The first thing you will see in the shiny new $45 million Cedar Rapids Public Library downtown is vast, wide-open spaces.
Stand in the main entryway and you can view impressive polished floors and a great, high ceiling. Ahead along the stairway is a wall that glows.
You’ll spy banks of computer stations and racks of DVDs. And a coffee bar.
What you won’t notice right away are books.
Oh, it has books — by which I mean rectangles of paper with words and occasionally pictures, bound together for easy, tactile use. The CRPL has replaced more than 160,000 books and other items that were lost or damaged beyond repair in the 2008 flood, bringing its new total to 225,000 books (paper and electronic), DVDs and CDs, officials say.
Don’t get me wrong — I’m a fan of the library, and I understand that every business needs to respond to its marketplace.
Some might wonder if this a mile marker on the road to that long-touted paperless society of the future. (I, for one, am still waiting for my own personal jet pack.)
And if it is, how should we feel about that?
Look around your office when you get in tomorrow morning. How many telephone books do you see? Dictionaries, printed personnel directories or safety manuals? Binders crammed with sheets of paper?
And here’s this: On Sept. 10 International Paper Co., which has cardboard operations in Cedar Rapids, announced that next year it would close an Alabama paper mill, which boasts an annual production capacity of 950,000 tons. CEO John Faraci said the decision was due to a decline in demand for paper.
And this: Johnson County Clerk of Court Kim Halverson, who took office in June, made a name for herself, in part, by converting Marshall County to a nearly paperless system last year.
She means to move Johnson County to the Electronic Document Management System by sometime next year, Halverson told The Gazette in August.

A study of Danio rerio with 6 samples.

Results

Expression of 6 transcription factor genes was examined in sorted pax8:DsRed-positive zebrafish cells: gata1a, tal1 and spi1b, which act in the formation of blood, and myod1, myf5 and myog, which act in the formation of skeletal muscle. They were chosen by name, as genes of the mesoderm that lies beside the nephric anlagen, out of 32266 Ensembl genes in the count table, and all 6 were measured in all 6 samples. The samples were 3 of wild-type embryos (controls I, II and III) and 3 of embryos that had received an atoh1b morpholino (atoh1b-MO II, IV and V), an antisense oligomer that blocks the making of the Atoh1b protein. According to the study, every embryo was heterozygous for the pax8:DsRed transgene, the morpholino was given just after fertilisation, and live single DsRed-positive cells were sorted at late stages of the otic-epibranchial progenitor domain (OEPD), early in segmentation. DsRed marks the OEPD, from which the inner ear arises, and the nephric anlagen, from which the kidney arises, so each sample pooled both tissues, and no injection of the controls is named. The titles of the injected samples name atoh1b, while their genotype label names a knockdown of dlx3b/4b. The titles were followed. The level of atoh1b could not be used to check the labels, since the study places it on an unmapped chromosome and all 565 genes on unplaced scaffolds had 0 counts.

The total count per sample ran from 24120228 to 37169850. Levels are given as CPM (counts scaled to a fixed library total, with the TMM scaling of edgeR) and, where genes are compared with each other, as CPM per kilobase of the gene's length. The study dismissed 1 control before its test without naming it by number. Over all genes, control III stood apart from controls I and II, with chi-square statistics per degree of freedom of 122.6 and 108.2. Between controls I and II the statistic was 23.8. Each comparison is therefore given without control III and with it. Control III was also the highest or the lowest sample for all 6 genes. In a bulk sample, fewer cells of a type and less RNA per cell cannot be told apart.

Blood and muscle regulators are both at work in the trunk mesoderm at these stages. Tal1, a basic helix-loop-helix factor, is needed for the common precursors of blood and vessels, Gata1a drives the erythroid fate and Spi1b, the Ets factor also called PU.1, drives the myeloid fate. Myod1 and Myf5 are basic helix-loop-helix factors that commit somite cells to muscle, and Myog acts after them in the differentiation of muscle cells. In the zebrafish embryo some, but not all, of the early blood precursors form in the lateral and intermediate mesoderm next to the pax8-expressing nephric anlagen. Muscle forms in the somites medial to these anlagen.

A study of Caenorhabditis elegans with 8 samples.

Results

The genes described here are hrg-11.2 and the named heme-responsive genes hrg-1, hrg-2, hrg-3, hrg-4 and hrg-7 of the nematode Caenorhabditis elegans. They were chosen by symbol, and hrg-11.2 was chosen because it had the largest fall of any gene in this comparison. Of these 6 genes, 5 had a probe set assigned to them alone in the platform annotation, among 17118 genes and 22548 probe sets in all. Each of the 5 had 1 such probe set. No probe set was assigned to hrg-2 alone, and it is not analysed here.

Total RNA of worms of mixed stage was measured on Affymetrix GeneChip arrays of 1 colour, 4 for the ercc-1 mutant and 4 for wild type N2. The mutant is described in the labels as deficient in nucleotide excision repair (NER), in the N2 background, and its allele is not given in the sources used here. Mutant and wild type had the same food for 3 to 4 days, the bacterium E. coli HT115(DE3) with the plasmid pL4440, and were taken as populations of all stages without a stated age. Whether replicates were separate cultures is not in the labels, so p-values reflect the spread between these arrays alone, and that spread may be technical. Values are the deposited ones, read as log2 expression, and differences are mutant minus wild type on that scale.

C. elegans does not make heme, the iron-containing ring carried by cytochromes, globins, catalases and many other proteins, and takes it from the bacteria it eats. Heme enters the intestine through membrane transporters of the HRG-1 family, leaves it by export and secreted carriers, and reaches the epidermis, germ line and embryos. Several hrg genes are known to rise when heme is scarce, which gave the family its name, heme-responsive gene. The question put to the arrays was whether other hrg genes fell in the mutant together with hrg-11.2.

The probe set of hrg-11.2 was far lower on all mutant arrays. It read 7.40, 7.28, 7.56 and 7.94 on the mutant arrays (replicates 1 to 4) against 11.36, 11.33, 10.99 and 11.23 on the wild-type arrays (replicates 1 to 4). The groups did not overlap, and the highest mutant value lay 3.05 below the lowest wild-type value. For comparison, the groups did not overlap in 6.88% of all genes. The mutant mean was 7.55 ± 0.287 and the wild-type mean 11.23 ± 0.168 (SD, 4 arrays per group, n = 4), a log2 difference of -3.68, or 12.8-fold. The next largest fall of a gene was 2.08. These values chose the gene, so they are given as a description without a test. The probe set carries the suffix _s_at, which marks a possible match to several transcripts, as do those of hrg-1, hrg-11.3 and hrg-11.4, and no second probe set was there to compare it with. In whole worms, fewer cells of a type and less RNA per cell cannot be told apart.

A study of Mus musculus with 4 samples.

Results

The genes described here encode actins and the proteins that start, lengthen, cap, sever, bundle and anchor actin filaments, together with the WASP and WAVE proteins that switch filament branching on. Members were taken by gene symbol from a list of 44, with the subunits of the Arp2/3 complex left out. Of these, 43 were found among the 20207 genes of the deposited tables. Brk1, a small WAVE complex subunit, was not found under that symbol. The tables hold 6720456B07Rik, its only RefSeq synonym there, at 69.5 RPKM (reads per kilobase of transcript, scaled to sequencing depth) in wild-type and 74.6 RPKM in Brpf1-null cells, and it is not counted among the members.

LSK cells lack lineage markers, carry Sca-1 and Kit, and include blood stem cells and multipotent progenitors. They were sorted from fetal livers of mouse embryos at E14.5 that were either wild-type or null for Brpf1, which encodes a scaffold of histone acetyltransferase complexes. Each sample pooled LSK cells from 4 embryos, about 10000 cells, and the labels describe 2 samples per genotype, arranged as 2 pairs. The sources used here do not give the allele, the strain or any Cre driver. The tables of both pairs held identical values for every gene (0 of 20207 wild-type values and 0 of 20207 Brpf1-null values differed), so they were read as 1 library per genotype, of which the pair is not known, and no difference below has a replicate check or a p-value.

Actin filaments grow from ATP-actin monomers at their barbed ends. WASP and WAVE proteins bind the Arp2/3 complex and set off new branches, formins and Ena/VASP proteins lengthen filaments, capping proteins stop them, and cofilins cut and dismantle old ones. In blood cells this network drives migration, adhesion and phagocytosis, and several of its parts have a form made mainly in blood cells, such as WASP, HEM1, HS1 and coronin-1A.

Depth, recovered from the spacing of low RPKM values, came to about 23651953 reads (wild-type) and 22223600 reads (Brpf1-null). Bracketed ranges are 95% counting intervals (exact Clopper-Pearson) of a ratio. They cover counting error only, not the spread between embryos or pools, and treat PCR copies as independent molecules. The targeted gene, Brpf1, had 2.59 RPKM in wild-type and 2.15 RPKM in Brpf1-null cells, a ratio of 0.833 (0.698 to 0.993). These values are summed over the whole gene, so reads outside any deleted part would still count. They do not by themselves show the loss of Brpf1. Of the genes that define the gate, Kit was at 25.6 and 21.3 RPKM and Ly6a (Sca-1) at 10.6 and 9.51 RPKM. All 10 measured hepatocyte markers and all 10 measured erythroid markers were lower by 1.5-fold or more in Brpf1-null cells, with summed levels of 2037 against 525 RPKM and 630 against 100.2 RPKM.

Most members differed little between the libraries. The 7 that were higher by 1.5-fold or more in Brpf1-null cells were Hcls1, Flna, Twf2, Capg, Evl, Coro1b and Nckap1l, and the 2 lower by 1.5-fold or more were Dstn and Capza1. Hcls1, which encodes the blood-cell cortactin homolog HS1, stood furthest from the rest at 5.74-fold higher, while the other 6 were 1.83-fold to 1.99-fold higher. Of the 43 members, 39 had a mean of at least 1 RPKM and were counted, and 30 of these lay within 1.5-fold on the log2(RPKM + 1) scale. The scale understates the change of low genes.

The state began shifting counties to EDMS three years ago. By the end of this year, some 40 percent of all documents filed in Iowa courts will be done electronically.
All counties are set to be electronic in 2016.
We can appreciate the benefit of electronic text — be they court records or Charles Dickens: easier, quicker access and sharing from just about anywhere. And less lugging around of cumbersome volumes, binders or textbooks to the courtroom, classroom or the beach.
Moreover, common sense tells us we all should be on the side of trees, and the oxygen they produce.
Also out the window will be pens, highlighters, paperclips and sticky notes.
We won’t miss the clutter, though we might be trading in overstuffed briefcases and backpacks and aching shoulders for an uptick in repetitive stress syndrome — from plucking at ever-shrinking keyboards — and twitch-inducing eye fatigue — from staring at unnatural light.
But, in fact, we might not really be much farther along the highway to that promised land of a paperless world. The International Data Corp. of Framingham, Mass., reports paper used by printers alone dropped by a scant 1.5 percent from 2011 to 2012, to 2.98 trillion pages. Yes, that’s trillion with a big T.
Moreover, the IDC forecasts paper volume use for printers to remain relatively flat through 2017.
So we’re not there yet, and who knows if we’ll ever live in a world without even a scrap of paper.
Better strap on our jet packs, though, just in case.